Vaccination centre well structured and a great feeling of understanding.
All staff very pleasant with full direction to all and good info given.
Nothing to worry about, it was well organised with plenty of open spaces.
Covid jab visit. Efficient organisation and cheerful friendly staff and volunteers. Very nervous but put completely at ease by welcoming people. Brilliant job being done considering the volume of people I saw arriving
Quite a shabby building from the outside. Only went for the covid vaccination, inside was better. The outside needs sign posts for pedestrians. Five stars for the people doing the covid vaccinations, very friendly and helpful, all of them. The stadium needs some renovation and colour. I will see what it looks like in twelve weeks time.
I went to K C Stadium, specifically the building 'The Learning Zone' which is attached to it, for my covid vaccine injection. The process was prompt straight in and out with the exception of a 15/30 minute observation time where your monitored to make sure you don't have a reaction to the vaccine, All the staff were fantastic I cannot thank them enough.
The idea of a new stadium for Kingston upon Hull, whose professional football club Hull City had played at Boothferry Park since 1946, was first mooted in 1997, but funds to finance such a project only became available when the city council sold a portion of its holdings in Kingston Communications. The council provided most of the funds, more than £42 million, with the rest stemming from government single regeneration budget grants and from the Football Stadium Improvement Fund. The council appointed John Topliss to head the stadium construction project. He and his team partnered with consulting firm Drivers Jonas to explore preliminary issues such as stadium location, seating capacity, and facilities offered. Stated Mr. Topliss: "We had a totally blank canvas and, working with consultants, made a thorough assessment of what was needed." The project team considered over a dozen sites, inside and outside of the city, before settling on The Circle in West Park. Factors contributing to the decision include transport guidance, central government planning guidelines, existing athletic facilities, isolation from residential areas, and council ownership.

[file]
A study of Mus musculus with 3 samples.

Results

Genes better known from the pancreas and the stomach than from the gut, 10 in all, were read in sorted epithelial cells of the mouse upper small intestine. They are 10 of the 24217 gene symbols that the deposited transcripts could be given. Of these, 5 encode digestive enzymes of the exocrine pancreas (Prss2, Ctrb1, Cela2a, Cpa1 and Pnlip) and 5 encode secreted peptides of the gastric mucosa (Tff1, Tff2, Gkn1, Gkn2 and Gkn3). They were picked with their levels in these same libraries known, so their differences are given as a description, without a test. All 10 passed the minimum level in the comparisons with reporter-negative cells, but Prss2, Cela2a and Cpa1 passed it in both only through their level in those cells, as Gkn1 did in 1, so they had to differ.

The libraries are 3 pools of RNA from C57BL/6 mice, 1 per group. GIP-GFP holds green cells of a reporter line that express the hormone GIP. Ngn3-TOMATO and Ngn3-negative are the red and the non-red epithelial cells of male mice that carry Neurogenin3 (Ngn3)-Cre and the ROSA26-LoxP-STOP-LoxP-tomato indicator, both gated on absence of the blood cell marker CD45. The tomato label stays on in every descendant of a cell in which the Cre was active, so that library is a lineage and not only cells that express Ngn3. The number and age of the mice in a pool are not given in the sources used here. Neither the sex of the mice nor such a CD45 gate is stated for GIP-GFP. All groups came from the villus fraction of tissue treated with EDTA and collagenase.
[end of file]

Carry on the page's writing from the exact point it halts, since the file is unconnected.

The final recommendation of Drivers Jonas included additional facilities for both indoor and outdoor sports for the people of West Hull in addition to the main stadium, planned to seat from 25,000 to 30,000 spectators. Professional services firm Arup Associates provided initial concept proposals for the stadium. The Miller Partnership, an architectural and interior design firm, adopted these proposals during the stadium's design. The construction work was undertaken by Birse Group. In spite of obstacles during the course of the project, including Hull City A.F.C.'s receivership in 2001 (just after the granting of planning permission), the stadium complex was completed on time (in fourteen months) and on budget (at approximately GB£44 million). The stadium opened its doors on 18 December 2002. Hull City beat Sunderland A.F.C. 1–0 in a friendly match to mark the occasion.Steve Melton scored the goal, the first at the KC Stadium. In 2020, the KCOM will host the Super League Grand Final for the first time.